Just over a year ago, America experienced the highest levels of unemployment in recent times, with office closures, layoffs, and a widespread fear of Covid-19 shaking the nation. While April of 2021 itself wasn't a showstopper month – with nonfarm payroll increasing by only 266,000 and the unemployment rate decreasing slightly from 6.2% to 6.1% – the current situation is a largely positive one that shows how far the nation has come in terms of economic recovery.
Let's take a look at job gains and losses over the last month:
April saw 266,000 jobs added to the U.S. economy. Those job gains mostly came from the leisure and hospitality industry as more and more businesses (especially those that closed down earlier in the pandemic) start to re-open their doors.
Leisure and hospitality employment increased by 331,000. Food services and drinking places made up the brunt of those gains (187,000), with amusement, gambling, and recreation also growing significantly (73,000).
Other service industries such as repair and maintenance (14,000) and personal/laundry services (14,000) saw employment increases.
Local government education employment increased by 31,000.
Employment in social assistance rose by 23,000. Half of that came from childcare and daycare services (12,000).
Financial activities saw gains of 19,000, with most occurring in real estate and rental and leasing (17,000).
Some of the gains seen in April were offset by losses in industries such as temporary help services and manufacturing.
Temporary help services employment declined by 111,000, especially in the area of business support services (15,000).
Employment for couriers and messengers decreased by 77,000 (although it is still up by 126,000 since February of 2020).
Manufacturing has seen major demand in the last few months, but edged down slightly in April, with losses of 18,000. Job losses were especially seen in manufacturing of motor vehicles and parts (27,000) and wood products (7,000).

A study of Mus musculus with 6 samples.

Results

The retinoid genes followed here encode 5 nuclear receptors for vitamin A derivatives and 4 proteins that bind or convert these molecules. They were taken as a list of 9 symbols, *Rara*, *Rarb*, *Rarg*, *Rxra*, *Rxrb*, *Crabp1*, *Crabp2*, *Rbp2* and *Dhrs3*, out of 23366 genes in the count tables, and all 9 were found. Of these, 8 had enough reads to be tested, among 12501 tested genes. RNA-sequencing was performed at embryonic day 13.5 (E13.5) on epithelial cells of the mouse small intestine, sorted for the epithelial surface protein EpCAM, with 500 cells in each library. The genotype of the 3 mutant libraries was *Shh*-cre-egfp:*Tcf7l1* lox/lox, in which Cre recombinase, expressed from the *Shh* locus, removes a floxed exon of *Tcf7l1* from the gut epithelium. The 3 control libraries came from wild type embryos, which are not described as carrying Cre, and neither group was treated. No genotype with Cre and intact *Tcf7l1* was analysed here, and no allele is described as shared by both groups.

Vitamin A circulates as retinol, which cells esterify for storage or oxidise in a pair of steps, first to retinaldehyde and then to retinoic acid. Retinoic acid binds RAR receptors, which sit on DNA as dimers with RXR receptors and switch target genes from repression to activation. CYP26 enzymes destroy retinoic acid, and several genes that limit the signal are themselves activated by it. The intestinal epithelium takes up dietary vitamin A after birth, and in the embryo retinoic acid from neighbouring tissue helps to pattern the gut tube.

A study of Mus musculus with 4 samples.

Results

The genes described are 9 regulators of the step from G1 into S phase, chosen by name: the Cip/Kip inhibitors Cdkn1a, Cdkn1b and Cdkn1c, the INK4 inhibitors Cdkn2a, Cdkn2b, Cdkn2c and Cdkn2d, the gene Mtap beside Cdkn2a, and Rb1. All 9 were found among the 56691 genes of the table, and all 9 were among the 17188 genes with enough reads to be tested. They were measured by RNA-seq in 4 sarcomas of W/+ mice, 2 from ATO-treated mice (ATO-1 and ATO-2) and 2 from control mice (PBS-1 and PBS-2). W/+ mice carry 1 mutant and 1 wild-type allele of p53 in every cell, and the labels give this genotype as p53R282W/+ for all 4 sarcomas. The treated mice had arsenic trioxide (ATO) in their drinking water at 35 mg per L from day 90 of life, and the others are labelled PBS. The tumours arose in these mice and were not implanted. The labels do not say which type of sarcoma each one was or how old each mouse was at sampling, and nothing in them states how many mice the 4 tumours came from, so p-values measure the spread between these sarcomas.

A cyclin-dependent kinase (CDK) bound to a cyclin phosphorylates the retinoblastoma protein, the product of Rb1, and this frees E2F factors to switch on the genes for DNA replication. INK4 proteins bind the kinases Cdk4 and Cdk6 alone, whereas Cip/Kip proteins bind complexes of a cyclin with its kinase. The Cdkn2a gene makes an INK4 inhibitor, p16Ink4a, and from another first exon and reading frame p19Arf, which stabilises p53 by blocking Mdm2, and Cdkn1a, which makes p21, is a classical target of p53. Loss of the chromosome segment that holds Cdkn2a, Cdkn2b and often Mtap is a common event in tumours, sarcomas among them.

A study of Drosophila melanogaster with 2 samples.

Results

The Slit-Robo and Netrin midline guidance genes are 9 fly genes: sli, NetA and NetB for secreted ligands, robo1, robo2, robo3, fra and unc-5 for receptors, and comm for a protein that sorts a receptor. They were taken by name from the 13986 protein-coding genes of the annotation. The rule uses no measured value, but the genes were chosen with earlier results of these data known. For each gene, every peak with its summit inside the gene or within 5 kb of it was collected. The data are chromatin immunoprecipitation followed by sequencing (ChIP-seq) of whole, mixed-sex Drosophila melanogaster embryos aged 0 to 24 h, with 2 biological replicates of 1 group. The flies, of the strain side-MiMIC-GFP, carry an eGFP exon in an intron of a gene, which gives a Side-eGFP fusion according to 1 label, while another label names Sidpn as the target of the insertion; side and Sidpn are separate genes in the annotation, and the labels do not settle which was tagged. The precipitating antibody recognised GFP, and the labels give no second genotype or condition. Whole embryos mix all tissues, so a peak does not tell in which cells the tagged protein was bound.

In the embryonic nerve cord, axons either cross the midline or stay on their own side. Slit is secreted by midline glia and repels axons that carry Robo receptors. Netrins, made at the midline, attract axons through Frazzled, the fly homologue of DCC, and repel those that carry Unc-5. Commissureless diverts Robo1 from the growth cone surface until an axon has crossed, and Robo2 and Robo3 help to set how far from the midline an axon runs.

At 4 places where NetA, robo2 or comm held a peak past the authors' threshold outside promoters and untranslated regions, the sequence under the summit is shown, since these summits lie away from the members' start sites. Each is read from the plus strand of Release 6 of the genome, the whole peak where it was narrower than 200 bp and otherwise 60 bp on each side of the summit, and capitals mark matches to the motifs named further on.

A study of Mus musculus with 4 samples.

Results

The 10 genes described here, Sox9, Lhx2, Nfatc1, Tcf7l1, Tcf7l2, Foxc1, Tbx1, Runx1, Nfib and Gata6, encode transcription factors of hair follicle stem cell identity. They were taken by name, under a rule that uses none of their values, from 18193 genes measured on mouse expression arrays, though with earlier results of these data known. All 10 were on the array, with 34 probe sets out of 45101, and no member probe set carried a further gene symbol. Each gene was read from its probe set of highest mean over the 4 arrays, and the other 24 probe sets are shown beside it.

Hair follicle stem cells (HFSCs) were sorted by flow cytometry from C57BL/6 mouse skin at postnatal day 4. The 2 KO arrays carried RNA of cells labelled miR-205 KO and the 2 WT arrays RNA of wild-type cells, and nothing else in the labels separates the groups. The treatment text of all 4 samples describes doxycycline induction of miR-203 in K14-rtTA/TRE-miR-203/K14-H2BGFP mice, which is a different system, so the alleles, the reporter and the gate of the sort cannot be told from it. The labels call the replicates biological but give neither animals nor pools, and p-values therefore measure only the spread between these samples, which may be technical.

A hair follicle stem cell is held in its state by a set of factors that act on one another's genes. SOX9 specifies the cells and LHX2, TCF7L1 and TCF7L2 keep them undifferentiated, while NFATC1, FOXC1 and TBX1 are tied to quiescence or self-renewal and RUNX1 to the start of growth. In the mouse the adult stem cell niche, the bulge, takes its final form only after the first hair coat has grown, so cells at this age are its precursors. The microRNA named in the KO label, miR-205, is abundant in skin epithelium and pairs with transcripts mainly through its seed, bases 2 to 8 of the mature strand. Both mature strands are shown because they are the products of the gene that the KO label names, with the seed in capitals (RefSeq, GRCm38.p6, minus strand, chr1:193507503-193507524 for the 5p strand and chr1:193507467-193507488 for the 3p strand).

Retail trade saw gains in March, but lost 15,000 jobs in April.
Employment remained largely unchanged for the following industries: healthcare, construction, mining, wholesale trade, and information.
Other April employment statistics
This month's household survey data showed that:
18.3 percent of employed people worked from home in some fashion due to the pandemic, down slightly from March.
9.4 million people reported that they had been unable to work because their employer closed or lost business due to the pandemic. This number is 3.7 million lower than in March, one of the largest dips seen in recent months.
The number of people not in the labor force in April who were prevented from looking for work due to the pandemic fell to 2.8 million people.
Average hourly earnings rose by 21 cents this month, implying that the rising demand for labor is pushing wages up.
Although employment increases were seen across many industries, economists expected a better showing for April. As more employers re-enter the market and attempt to hire lots of workers, many have struggled to get the hires they need, even as more people are returning to the workforce. It's clear that changes will need to be made to better attract and retain workers – either by raising wages, offering safer conditions, or incorporating other benefits that people in the workforce currently need.
Talroo will continue to research and report on how the economy is doing on this long road to recovery. Read more of our research, resources, and reflections over the past year.